Young Voters & Their Impact on the Future


With the Texas November mid-term election coming closer as the days go by, there is one thing everyone sees more and more of: young voters wanting to make a difference. With so many advertisements reaching young adults, primarily 18-21-year olds, should people that young be able to vote?

One topic a lot of people have about young voters is their opinion being taken into consideration when making decisions. Actually, a couple of students have a say in what they thought about their opinions being shared about their involvement in the election.

“Our opinions matter as well, and we also want to be able to change what we think might be best for the country”, senior Kennedy Cochran said.

Going even younger than the legal age, there are some people who are invested in politics at a young age and can’t wait to vote.

“Your vote is your opinion and if you can vote then vote, with younger voters each opinion young and experienced every vote counts.” Sophomore Michael Williams said.

” “So yeah, I think young voters should be able to vote, and I can’t wait to be able to.” Gun violence is a topic I want heard and changed because with the gun laws we have now, there isn’t enough restriction for safety.

With young voters, politics will see what every age variety has to offer. Each audience has their own opinions and concerns for just about everything.

“I do believe that each voter should have the ability to vote, each age range has their own opinion that others might not have which will target more problems to solve in the end”, Wendy Porter said.

Over the years young voting has gone up and down. The website “Child Trends” showcases statistics and facts covering how young voters have acted in recent years.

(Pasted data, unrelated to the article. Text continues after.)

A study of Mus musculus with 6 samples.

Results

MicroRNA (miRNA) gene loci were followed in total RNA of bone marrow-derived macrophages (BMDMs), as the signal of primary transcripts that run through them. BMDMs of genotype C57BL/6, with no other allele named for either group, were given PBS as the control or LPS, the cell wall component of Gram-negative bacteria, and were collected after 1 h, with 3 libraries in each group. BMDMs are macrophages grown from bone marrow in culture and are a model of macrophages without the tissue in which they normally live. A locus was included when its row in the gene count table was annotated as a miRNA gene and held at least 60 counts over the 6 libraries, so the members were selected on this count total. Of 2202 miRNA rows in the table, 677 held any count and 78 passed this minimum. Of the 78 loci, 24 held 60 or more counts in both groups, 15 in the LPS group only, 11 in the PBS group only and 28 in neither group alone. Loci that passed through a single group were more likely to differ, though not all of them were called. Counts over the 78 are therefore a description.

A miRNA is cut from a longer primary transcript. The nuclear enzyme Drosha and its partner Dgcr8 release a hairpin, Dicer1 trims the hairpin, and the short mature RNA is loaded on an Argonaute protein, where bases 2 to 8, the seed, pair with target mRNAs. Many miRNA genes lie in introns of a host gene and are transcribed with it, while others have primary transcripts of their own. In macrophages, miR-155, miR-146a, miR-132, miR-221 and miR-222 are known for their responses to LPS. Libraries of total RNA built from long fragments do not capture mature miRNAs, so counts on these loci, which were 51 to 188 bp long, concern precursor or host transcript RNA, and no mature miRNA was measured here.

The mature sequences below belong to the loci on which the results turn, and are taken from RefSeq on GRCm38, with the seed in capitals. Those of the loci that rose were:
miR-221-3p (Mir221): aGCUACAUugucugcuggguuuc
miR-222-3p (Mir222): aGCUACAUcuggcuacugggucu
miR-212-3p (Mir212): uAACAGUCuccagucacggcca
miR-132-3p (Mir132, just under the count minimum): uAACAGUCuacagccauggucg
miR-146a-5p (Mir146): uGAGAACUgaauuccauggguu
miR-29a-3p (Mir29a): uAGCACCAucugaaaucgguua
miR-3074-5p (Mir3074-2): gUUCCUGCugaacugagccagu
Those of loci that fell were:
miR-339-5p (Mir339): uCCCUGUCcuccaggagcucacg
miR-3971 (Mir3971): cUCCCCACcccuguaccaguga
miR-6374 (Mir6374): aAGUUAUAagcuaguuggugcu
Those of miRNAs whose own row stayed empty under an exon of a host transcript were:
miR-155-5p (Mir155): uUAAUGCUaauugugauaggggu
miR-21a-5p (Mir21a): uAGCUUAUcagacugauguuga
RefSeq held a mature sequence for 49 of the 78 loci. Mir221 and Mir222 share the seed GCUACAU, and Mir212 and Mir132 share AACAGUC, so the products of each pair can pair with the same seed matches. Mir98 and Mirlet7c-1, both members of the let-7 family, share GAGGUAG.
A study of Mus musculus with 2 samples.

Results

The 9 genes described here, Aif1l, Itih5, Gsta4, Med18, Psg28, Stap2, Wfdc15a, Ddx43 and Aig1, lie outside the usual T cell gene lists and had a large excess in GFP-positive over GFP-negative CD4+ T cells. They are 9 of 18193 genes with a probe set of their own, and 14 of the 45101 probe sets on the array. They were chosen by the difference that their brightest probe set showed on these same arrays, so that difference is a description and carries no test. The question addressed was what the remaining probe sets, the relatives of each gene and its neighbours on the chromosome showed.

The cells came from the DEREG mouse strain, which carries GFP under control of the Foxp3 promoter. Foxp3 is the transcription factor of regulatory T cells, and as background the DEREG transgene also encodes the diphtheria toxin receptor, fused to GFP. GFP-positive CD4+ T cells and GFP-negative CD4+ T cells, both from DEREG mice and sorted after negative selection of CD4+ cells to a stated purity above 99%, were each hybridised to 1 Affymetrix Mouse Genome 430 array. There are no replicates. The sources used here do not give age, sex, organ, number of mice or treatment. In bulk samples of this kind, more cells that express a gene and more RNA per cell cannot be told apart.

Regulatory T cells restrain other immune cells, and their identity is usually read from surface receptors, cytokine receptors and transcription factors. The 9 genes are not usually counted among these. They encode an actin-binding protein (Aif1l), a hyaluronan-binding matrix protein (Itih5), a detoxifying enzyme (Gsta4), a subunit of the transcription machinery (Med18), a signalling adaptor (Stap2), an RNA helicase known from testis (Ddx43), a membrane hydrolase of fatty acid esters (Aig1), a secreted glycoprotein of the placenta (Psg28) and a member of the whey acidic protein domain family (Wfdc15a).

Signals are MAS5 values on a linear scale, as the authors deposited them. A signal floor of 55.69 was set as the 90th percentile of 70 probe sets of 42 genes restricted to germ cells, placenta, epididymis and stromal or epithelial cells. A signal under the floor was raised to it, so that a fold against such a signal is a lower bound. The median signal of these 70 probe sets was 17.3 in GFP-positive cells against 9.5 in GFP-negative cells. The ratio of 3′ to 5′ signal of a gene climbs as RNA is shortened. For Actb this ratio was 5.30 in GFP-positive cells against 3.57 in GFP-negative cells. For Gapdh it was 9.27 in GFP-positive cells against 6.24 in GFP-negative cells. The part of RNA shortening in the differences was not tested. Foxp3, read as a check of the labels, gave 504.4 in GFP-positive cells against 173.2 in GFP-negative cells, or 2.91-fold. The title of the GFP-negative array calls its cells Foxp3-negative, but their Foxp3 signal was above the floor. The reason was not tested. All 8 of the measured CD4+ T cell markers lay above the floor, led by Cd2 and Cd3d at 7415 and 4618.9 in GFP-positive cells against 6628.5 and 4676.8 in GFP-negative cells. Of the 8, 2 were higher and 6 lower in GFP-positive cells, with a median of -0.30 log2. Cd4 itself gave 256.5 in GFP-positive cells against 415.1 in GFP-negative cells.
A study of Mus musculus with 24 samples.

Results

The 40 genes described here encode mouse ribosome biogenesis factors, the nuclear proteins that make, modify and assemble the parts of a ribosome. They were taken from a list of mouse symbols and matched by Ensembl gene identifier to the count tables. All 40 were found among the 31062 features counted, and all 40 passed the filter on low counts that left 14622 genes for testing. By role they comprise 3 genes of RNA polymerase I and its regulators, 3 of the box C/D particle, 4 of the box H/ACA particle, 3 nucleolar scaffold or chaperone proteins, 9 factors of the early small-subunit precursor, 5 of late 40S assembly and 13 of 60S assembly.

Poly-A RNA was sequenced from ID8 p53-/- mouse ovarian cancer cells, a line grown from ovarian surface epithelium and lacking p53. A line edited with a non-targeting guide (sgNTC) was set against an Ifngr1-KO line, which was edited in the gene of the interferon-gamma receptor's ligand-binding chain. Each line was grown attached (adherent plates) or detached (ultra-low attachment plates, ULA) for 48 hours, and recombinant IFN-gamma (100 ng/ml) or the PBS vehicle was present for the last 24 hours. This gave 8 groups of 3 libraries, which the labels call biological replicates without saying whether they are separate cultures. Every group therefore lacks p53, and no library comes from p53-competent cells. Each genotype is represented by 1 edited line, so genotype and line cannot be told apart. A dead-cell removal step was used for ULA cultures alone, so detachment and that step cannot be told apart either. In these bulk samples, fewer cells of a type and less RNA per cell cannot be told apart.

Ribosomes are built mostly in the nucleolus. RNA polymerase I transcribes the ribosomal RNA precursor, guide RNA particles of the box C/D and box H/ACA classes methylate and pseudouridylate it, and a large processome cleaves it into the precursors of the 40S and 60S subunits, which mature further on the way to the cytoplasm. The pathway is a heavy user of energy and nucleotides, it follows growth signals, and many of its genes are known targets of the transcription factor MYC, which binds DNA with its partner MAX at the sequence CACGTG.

The ages of 18 to 24 were reported higher in the 2008 presidential election, (Obama vs. McCain) since 1972 and the proportion registering to vote was the highest since 1992. However, those figures were lower in the 2016 election, at 39 and 51 percent, respectively. According to the site, for nonpresidential elections from 1974 to 2014, the proportion of youth who were registered to vote remained steady, at 39 to 42 percent; the percentage of youth who voted decreased from 1982 to 1998, from 25 to 17 percent.

With elderly adult voter’s future not being with the politics of the many more years, young voters could and are highly encouraged to make a difference for their future. This is evident by advertisements on platforms targeted for younger viewers such as social media and television.

“Yes, it’s their future, government teacher Jon Benignus said. “Old people, also known as seniors, can vote. They should be voting for their grandchildren, young voters are voting for their future. Teenagers learn how to drive at 16, now that you finished high school, you get the keys to the nation. Voting is like the car keys. If you don’t vote, you just don’t exercise your right.”